Sunday, May 19, 2013

Is C.S. Lewis Better than Chesterton?

I was watching a video of a lecture given by the Church of England apologist Alister McGrath to promote his new biography of C.S. Lewis. Towards the end of the video, McGrath answers a question from an audience member about the comparison between Chesterton and Lewis.

I found myself quite surprised and indignant at his response (it can be found about fifty minutes and thirty seconds into the video):

Lewis frequently emphasized how much he owed to G.K. Chesterton, especially his book The Everlasting Man. And, indeed, I would personally say that I’m sure Chesterton’s apologetic writings were a inspiration to Lewis. The real danger, I think, is, if you’ve read Lewis and then read G.K. Chesterton’s book, for example Orthodoxy or The Everlasting Man, you kind of feel you’re turning to something that’s not quite as good, and the real problem is that Chesterton actually is very good, it’s just that Lewis is better [audience laughs], and so that inevitably, in a way, we’ve kind of devalued Chesterton as a result, but Chesterton was very important for Lewis.

I find it hard to believe anyone would come to this conclusion. I love Lewis, and I love Chesterton, but Chesterton seems to me to be easily the more important talent and the deeper thinker of the two. For one thing, Chesterton defended and proclaimed Christianity on so many more fronts than Lewis did. Lewis made several important philosophical arguments, including the argument from reason-- that is, that a thoroughgoing naturalism can't explain how the conclusions of rational thought can be defended in the first place, since rational thought must simply a physical process like everything else. (The argument was not original to Lewis, nor did he pretend that it was. Chesterton had made the same argument himself, though he never developed it as fully.) Lewis also made important arguments from the field of textual analysis, which was his expertise. I myself am very struck by his argument that the gospels simply don't read like myth or legend-- that the Evangelists seem to have pre-empted novelistic writing by many centuries, with their use of incidental detail and matter-of-fact reportage.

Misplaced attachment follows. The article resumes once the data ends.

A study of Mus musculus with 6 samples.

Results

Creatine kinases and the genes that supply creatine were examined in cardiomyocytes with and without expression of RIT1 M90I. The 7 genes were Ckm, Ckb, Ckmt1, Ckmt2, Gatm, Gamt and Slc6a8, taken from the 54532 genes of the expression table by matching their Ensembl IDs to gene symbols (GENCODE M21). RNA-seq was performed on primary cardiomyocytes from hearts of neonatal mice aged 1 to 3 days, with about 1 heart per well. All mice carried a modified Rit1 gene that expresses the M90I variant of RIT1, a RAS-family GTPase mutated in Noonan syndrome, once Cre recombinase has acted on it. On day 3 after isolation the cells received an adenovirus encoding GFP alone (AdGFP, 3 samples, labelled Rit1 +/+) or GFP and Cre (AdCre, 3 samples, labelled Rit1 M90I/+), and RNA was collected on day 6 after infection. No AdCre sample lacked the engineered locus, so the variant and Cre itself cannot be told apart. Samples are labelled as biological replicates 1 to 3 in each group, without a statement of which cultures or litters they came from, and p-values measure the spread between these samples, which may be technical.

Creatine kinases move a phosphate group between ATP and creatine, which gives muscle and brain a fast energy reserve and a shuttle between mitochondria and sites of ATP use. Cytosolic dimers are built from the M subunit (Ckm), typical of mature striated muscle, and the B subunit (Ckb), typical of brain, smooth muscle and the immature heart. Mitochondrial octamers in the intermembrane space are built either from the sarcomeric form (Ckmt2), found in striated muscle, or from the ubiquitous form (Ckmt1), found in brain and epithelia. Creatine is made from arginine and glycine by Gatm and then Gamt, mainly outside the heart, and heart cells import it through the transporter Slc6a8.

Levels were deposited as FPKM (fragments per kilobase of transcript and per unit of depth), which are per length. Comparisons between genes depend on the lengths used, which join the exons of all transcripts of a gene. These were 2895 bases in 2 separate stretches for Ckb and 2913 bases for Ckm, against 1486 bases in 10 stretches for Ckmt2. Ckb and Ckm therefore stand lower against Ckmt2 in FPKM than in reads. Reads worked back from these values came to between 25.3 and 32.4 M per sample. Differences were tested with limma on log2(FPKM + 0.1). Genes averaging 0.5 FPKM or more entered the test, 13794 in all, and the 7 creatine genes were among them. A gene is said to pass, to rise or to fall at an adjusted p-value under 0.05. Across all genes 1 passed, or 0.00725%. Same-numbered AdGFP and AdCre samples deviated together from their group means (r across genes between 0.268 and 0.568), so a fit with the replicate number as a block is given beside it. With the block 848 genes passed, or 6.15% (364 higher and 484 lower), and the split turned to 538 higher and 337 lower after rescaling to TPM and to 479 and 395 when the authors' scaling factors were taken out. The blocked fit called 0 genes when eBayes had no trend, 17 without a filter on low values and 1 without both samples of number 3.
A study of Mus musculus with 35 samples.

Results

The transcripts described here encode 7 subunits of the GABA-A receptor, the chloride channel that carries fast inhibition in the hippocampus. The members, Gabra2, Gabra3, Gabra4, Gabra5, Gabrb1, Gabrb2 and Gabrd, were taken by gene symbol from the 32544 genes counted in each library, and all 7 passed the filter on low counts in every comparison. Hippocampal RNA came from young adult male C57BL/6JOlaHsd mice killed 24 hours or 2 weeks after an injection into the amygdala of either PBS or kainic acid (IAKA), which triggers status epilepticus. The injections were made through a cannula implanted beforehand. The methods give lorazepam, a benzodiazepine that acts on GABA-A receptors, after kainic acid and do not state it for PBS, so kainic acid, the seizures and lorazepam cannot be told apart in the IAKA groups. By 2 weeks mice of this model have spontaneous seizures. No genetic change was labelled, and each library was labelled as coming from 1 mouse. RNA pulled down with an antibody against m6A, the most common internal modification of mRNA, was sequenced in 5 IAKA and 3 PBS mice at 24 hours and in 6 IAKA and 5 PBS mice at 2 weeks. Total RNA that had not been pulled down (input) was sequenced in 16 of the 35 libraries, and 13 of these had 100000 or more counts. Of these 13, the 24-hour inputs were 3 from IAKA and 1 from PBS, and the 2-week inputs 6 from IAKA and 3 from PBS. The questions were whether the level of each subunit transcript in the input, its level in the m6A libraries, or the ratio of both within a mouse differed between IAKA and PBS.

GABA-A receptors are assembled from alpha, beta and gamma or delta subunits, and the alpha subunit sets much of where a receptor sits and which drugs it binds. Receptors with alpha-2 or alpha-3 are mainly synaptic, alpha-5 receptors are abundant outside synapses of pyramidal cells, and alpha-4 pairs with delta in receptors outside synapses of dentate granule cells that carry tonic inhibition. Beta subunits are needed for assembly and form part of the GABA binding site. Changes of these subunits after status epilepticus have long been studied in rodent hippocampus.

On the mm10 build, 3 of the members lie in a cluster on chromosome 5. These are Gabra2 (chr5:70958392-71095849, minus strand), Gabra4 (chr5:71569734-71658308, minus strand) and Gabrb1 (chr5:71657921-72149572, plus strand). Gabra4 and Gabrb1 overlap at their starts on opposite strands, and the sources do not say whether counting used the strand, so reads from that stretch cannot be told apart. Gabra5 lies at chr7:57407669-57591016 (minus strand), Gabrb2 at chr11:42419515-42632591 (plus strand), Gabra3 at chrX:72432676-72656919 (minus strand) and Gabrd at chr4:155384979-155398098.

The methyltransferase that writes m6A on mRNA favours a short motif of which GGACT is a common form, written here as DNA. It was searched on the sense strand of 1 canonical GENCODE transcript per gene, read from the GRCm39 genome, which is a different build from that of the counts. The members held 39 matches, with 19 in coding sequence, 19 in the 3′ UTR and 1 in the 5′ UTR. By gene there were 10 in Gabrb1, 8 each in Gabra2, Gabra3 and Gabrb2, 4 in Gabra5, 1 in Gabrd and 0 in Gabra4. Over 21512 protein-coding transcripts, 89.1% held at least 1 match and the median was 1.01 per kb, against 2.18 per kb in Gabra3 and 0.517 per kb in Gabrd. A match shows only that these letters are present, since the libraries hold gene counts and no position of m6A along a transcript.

But Chesterton did so much more. Chesterton's defence of Christianity takes in literary criticism, social comment, history, folklore, humour, politics, sociology, mythology, psychology, and pretty much every other field you can think of. He was so much more prolific than Lewis, writing his weekly Illustrated London News column alone for forty years, and even when he was not explicitly writing about religion, the link between his spiritual beliefs and any given argument he is making is always fairly obvious. Chesterton well and truly defended his claim that "nothing can be irrelevant to the proposition that Christianity is true".

Also, though Lewis could certainly be funny, Chesterton is much funnier.

It is true that Lewis was the more careful and analytical writer, and that his clinical prose can sometimes make Chesterton seem (by comparison) sloppy and slapdash. That is a point in his favour. But if Chesterton was sometimes careless, it was because he could afford to be. He was simply brimming over with ideas, inspiration and insight. In depth and breadth and brilliance, I think he outshines Lewis as the sun outshines the moon. Probably Lewis would have agreed.

P.S. Twice today, while reading about C.S. Lewis on the internet, I've come across the claim that Lewis became an atheist as a result of the carnage he witnessed in World War One. One of these claims was during this teaser trailer for a planned film about Lewis's conversion. (Unfortunately, the website to which the trailer directs the viewer is now "suspended". But there was a real studio behind the venture, since there are several articles about the project on the internet. I hope the idea hasn't been scrapped.)

But I wonder how they could make such a mistake? Lewis, of course, was an atheist before World War One, and also after it. He lost his faith in his teens and didn't regain it until he was thirty-two. The carnage of the trenches neither made him an atheist nor a believer. It devalues both his atheism and his conversion to attribute either to an emotional reaction.